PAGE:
Why you shouldn’t sell Alibaba just because Charlie Munger did

A business overseen by Charlie Munger just halved its investment in Chinese e-commerce giant Alibaba, but there’s good reason why other investors shouldn’t also rush to sell.

Social media was sent into a frenzy this week when a company called Daily Journal Corp sold 50.17% of its shares in Alibaba (NYSE: BABA).

The reason is that Daily Journal Corp has long been overseen by Warren Buffet’s friend and business partner Charlie Munger, who had until now been unwaveringly bullish on the Asian stock.

Munger, a legendary investor in his own right, had approved purchases of Alibaba stock in the first, third and fourth quarters of 2021. Daily Journal Corp held 600,000 shares at around US$108 until the sale this week (the details of which you can see in the table immediately below).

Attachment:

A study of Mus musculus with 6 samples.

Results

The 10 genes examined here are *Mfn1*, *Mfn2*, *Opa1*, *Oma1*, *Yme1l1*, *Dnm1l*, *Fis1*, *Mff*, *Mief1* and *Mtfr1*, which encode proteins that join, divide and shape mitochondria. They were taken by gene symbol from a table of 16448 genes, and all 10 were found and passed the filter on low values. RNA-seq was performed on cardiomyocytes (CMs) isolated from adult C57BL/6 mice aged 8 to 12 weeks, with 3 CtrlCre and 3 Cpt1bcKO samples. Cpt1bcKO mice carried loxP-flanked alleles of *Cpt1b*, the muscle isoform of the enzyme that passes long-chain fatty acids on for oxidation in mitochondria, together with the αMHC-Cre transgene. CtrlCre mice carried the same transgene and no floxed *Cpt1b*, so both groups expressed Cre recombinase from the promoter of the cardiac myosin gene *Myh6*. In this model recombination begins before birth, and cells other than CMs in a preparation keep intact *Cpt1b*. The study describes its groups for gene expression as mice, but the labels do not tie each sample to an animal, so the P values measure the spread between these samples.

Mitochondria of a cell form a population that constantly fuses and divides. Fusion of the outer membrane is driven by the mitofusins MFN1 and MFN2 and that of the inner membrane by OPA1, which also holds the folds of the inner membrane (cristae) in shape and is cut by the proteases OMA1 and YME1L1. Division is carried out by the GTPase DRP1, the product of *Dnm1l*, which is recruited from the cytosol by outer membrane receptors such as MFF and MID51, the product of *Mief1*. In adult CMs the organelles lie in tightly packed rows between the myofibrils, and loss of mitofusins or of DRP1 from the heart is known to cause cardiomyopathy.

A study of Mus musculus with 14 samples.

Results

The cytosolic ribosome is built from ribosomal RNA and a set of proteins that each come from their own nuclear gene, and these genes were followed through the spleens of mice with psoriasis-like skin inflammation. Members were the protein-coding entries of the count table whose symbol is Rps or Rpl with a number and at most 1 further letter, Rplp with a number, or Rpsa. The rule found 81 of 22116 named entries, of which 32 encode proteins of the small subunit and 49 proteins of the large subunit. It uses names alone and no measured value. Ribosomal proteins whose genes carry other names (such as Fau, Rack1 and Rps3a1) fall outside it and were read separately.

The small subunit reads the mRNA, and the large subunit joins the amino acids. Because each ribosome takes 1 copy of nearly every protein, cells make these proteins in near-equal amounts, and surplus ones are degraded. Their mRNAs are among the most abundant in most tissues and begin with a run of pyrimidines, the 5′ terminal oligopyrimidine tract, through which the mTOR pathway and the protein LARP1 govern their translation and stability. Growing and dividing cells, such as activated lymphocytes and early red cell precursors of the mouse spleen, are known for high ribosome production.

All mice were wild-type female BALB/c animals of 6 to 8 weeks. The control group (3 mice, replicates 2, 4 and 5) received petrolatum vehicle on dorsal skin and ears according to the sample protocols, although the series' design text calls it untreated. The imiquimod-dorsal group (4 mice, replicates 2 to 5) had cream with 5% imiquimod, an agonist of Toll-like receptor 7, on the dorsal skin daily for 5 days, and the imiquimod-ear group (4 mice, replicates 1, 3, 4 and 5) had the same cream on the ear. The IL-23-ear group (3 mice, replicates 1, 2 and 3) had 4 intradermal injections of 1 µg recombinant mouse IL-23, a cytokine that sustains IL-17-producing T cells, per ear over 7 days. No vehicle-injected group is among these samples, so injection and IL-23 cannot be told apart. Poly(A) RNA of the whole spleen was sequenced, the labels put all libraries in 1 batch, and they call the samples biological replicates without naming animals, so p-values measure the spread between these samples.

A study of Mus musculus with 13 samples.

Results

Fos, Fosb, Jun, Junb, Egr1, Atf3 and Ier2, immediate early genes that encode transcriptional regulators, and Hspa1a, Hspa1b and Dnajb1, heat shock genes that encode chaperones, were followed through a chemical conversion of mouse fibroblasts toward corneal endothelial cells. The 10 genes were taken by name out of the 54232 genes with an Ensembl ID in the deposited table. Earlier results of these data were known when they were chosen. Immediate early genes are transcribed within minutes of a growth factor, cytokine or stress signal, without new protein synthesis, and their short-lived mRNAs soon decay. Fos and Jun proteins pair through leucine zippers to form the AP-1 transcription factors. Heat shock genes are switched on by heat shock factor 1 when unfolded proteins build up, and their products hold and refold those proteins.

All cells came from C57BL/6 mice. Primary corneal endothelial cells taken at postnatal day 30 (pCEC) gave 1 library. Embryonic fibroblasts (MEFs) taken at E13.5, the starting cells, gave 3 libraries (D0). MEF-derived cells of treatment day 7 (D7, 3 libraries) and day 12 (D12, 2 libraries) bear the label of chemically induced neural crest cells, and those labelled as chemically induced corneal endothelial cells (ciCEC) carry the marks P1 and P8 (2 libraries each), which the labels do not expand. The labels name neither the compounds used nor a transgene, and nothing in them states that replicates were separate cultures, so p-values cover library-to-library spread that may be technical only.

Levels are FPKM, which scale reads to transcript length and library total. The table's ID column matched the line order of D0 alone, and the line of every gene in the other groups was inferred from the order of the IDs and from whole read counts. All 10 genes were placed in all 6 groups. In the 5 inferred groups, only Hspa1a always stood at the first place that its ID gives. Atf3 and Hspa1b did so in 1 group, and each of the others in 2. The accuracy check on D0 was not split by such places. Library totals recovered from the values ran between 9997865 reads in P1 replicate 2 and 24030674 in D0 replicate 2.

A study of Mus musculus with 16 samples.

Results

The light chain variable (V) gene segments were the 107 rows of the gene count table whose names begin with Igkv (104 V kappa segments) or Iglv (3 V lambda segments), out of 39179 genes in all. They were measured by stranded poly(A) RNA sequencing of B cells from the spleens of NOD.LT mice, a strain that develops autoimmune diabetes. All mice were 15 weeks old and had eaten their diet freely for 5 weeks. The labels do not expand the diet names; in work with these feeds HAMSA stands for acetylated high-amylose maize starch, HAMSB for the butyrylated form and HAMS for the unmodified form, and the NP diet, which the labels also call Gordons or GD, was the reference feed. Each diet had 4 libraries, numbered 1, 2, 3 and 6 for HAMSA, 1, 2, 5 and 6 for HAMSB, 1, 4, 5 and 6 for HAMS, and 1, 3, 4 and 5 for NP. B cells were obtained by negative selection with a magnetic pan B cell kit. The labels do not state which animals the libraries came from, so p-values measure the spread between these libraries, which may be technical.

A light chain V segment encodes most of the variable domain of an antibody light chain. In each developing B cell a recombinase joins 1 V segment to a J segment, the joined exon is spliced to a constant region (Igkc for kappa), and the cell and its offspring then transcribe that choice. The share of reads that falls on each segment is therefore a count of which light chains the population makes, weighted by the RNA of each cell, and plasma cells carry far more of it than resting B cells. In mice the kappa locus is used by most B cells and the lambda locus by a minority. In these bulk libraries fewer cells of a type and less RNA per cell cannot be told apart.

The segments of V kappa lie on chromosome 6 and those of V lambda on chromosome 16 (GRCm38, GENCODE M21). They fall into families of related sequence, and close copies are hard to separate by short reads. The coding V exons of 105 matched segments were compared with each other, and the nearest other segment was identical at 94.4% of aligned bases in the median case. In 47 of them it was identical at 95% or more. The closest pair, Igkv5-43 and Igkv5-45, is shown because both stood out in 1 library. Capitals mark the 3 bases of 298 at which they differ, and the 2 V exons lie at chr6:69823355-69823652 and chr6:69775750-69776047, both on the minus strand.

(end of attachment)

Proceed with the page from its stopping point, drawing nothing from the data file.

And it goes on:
Screen Shot 2022 04 12 at 8.50.30 pm Charlie Munger Alibaba
Data from dataroma.com shows Daily Journal Corp., long overseen by Charlie Munger, has reduced its stake in Alibaba by 50.17% in the first quarter of 2022.

So does the fact that Munger is selling so many of his shares mean the company is doomed and all investors should exit stage left?

Not necessarily, no.

Investors can sell for any number of reasons. In fact, Mohnish Pabrai, another major investor in Alibaba (and a friend of Munger’s) also just sold a huge amount of shares in the company (78%) and he says it was not because he thinks the company’s share price is going to plummet.

“One of the reasons I sold Alibaba was for tax loss harvesting,” Pabrai said.

“We buy things only for one reason – we buy things to make money (but) we sell things for one hundred reasons.

“There’s very strong signal value when someone buys something. There is very weak signal value when someone sells something.

“So in general, if you’re looking at Buffet’s portfolio and we see that he bought something, that is very important to pay attention to. But when he sells something, that is not as relevant.”

As many have pointed out, if Munger thought Alibaba was a bad long-term investment, he wouldn’t have sold half of his shares – he would have sold the lot.